With more than 60 years of combined rug-cutting experience, La Danse Cleveland's co-owners, Esther Rehm-Cohen and Tim Brown, have helped untold numbers of students twirl, hop, and belly slide across the dance floor. Certified as a ballroom instructor in 1981, Esther has won national awards for her teaching skills and has had the distinct honor of training couples who have gone on to rank in competitions. She garnered the position of head coach of the Case Western Reserve University ballroom team before fate's two-step led her to a partnership with Tim to run La Danse Cleveland's ample 6,000-square-foot studio. Boasting a background that includes competition in professional arenas as well as work as a dancing judge and a choreographer, co-owner Tim delights in crafting group classes and private lessons that excite and challenge students.
Included on the studio's roster of lessons are styles from Viennese waltz to nightclub two-step, along with sessions tailored specifically to children and to adult fitness goals. In classes and dance parties open to the public, students and social dancers alike rendezvous with Esther, Tim, and their impressive stable of instructors, whose resumés include stints with such world-class companies as the Boston Ballet and Gene Kelly's gutter-cleaning company.
Cleveland Ballroom Company's owner and principal instructor Nichy Vegas imparts graceful dance techniques to singles and couples in a variety of ballroom styles. Lessons range from beginner to advanced, allowing tyro twirlers and experienced foot-movers alike to learn new techniques and enjoy the fun of ballroom dance. Classes such as beginning and intermediate rhythm teach the importance of well-timed movements, a critical element of any basic two-step, foxtrot, or bullet-dodging routine. Alternate styles include tango, cha-cha, salsa, and the classic waltz—call ahead for information on future scheduling.
A mobile service, Bar Nova dispatches its team of bartenders and professional bar supplies to events big and small, including wedding receptions, corporate gatherings, and private parties. Beforehand, the company consults with its clients to create a cocktail menu, plus a shopping list of necessary liquors, mixers, fruits, and other supplies. By the time guests start filing in, Bar Nova will have already set up an elegant bar scene, complete with professional bartenders to craft cocktails and barbacks to lead renditions of “My Heart Will Go On” if a drink is spilled.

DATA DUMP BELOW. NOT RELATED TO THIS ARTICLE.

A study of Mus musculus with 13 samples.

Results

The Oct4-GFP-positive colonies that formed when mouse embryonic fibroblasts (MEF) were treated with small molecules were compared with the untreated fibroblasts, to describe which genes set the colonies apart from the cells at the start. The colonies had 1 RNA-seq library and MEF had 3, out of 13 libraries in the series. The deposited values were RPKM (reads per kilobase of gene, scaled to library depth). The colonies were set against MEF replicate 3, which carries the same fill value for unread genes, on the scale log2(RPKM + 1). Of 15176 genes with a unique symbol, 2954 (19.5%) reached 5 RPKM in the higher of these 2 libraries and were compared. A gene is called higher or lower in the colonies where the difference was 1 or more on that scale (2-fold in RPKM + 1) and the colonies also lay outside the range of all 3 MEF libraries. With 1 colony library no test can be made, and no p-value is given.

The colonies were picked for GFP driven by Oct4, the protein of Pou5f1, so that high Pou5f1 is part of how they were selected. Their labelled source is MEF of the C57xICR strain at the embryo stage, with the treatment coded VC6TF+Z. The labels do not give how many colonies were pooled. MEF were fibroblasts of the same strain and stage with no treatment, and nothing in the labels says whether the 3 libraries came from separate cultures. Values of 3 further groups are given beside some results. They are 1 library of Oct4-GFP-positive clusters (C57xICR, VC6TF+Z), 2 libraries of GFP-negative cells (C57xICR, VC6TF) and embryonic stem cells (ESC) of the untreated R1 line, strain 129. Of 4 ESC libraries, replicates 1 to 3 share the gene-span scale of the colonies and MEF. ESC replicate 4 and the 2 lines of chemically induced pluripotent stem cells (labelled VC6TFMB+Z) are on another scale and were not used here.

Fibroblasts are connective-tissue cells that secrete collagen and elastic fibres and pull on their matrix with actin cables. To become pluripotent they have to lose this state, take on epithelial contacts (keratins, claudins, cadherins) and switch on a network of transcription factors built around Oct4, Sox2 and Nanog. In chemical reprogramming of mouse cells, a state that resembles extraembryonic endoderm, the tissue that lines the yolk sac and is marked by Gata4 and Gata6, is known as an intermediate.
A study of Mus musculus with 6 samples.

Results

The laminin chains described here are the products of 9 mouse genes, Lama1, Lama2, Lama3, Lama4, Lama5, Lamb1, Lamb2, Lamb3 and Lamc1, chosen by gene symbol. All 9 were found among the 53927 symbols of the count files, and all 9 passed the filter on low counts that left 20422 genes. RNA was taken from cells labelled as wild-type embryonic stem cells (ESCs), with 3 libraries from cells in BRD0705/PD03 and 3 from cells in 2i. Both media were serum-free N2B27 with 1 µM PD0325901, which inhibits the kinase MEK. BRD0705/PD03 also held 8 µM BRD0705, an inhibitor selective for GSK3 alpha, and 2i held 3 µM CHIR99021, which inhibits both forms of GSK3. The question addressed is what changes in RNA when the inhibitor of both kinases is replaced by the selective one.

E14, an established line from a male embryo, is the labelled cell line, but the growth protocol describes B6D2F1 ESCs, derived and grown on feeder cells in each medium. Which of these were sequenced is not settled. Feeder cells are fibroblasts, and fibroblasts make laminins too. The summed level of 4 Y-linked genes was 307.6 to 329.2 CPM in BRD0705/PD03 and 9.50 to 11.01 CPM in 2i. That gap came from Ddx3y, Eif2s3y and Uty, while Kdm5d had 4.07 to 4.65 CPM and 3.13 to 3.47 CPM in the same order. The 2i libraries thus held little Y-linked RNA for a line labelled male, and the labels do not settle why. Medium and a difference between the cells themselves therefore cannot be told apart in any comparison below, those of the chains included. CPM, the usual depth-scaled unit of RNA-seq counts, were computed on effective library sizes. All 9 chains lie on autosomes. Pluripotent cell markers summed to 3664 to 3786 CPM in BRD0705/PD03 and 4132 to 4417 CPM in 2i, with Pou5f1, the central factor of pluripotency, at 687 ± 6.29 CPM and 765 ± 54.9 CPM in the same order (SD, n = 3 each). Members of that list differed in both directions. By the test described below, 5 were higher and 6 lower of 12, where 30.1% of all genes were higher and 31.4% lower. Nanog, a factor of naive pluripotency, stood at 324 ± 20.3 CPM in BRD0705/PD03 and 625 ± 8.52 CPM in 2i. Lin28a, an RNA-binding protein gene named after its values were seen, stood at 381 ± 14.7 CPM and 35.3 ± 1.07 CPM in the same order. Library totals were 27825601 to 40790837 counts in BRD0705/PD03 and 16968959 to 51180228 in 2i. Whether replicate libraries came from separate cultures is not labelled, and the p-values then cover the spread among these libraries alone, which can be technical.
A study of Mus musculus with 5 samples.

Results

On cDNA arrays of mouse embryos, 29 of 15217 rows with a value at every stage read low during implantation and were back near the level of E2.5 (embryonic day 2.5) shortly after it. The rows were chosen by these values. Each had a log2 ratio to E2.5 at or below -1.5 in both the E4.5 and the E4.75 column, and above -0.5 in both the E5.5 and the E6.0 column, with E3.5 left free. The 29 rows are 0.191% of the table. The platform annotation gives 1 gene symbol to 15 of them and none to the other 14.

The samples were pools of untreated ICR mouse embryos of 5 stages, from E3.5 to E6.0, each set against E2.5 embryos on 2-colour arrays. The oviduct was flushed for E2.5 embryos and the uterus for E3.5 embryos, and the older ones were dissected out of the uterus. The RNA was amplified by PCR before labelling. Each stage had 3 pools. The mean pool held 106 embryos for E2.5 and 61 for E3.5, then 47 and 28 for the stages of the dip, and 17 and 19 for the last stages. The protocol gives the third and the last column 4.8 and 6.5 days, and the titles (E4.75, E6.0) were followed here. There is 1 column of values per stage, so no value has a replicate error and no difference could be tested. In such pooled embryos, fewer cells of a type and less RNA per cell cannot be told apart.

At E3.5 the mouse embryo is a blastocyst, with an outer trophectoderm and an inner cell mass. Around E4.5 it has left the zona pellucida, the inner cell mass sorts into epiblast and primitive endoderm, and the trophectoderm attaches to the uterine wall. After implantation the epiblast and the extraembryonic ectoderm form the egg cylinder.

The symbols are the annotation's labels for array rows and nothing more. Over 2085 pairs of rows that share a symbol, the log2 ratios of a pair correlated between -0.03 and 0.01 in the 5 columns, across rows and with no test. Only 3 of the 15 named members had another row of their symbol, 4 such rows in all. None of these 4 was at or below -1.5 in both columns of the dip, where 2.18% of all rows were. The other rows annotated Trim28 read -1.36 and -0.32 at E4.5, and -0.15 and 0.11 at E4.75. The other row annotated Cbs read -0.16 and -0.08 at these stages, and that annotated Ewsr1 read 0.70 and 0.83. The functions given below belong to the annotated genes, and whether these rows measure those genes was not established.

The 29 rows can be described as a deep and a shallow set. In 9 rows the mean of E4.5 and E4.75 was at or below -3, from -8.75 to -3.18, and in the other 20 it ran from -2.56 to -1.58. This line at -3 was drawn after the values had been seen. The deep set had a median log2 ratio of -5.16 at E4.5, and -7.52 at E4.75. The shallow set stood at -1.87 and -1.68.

Chefs at Cedar Lee Pub and Grill sizzle burgers and chop salads to satiate enthusiastic appetites while projection and flat-screen televisions quell desires for sports action. Infuse mouths with a menu of more than 30 burgers, including the South of the Border ($7.99), which rouses lazy taste buds with a kick of pepper-jack cheese and salsa before dressing them in grilled onions and green peppers. The Hawaiian burger ($7.99) mixes mellow teriyaki sauce with sweet slices of grilled pineapple and ham and a crunch of bacon. Like a rollicking game of Mad Libs, building your own burger or salad results in a hilarious medley of chopped vegetables and words such as "tzatziki" and "crouton." Meanwhile, 15 wing sauces wait to sprint out at a bugling cue, leap onto a springboard, and reverse somersault into a basket of wings ($4.50 for six).
With this deal, movie buffs can scarf down popcorn while watching action-packed celluloid at one of seven different locales, including Cleveland Heights' Cedar Lee Theatre, which won a Scene magazine readers' poll for Best Movie Theater. Arty cinephiles can catch an independent or foreign film at this theatre, where the concession stand slings out tasty baked goods, sandwiches, specialty coffees, and more. Catch a flick at the historic Capitol Theatre, nestled in the Gordon Square Arts District, a renovated three-screen spot featuring Hollywood, specialty, and 3D films. Many of Cleveland Cinemas' other theaters boast multiple screens, digital sound, a Groucho Marx robot that quips one-liners from the balcony, and stadium seating for ideal movie gawking.
Envisioning themselves as the house band of the United Nations in 1962, Pink Martini's 12 musicians perform an eclectic songbook of pieces drawn from globe-spanning jams, American lounge tunes, and jazz. Guest vocalist Storm Large, who has appeared on the reality show Rock Star: Supernova, takes over the lead-singing reins for Pink Martini’s summer tour. With a style described as “powerful, at times operatic” by the Guardian, Large fills the gap left by former singer China Forbes and her classy charisma and potent purr. Originally opened in 1921 as a vaudeville house where Fred Astaire and Judy Garland once dropped jaws, the lavish State Theatre aligns with Pink Martini’s elegant visions of jet-setting cocktail parties.
Nestled in the Coventry district within Cleveland Heights's historic Centrum Theater, Fracas flanks fine gastropub fare with inspired homemade sauces. Sea smitten can munch on the calamari to start, browned in lemon oil and chili olive pesto ($9), while green gurus can lead forkscapades onto plates of fried green tomatoes bathed in chive oil and vinaigrette ($9). Entrees include a beef short rib braised in Dogfish Head IPA ($26), as well as the Ohio City black-pepper gnocchi backed by wild mushrooms, english peas, leeks, and grape tomatoes, and smothered with smoked gouda alfredo ($18). The bar stocks a staunch selection of local and Midwestern brews, 16 on tap and 30 by bottle, and counts the Rate Beer–approved Great Lakes Dortmunder Gold ($4; RB: 95/100) and the Buckeye Brewing Hippie IPA ($12 for 22 oz; RB: 95/100) among their regular liquid relievers. Should carnivores crave sustenance not found on the menu, Fracas's scratch kitchen can create the meal of one's dreams should they have the ingredients, yielding such customer-conceived classics as the melancholy jam sandwich and apple pie a la go carte.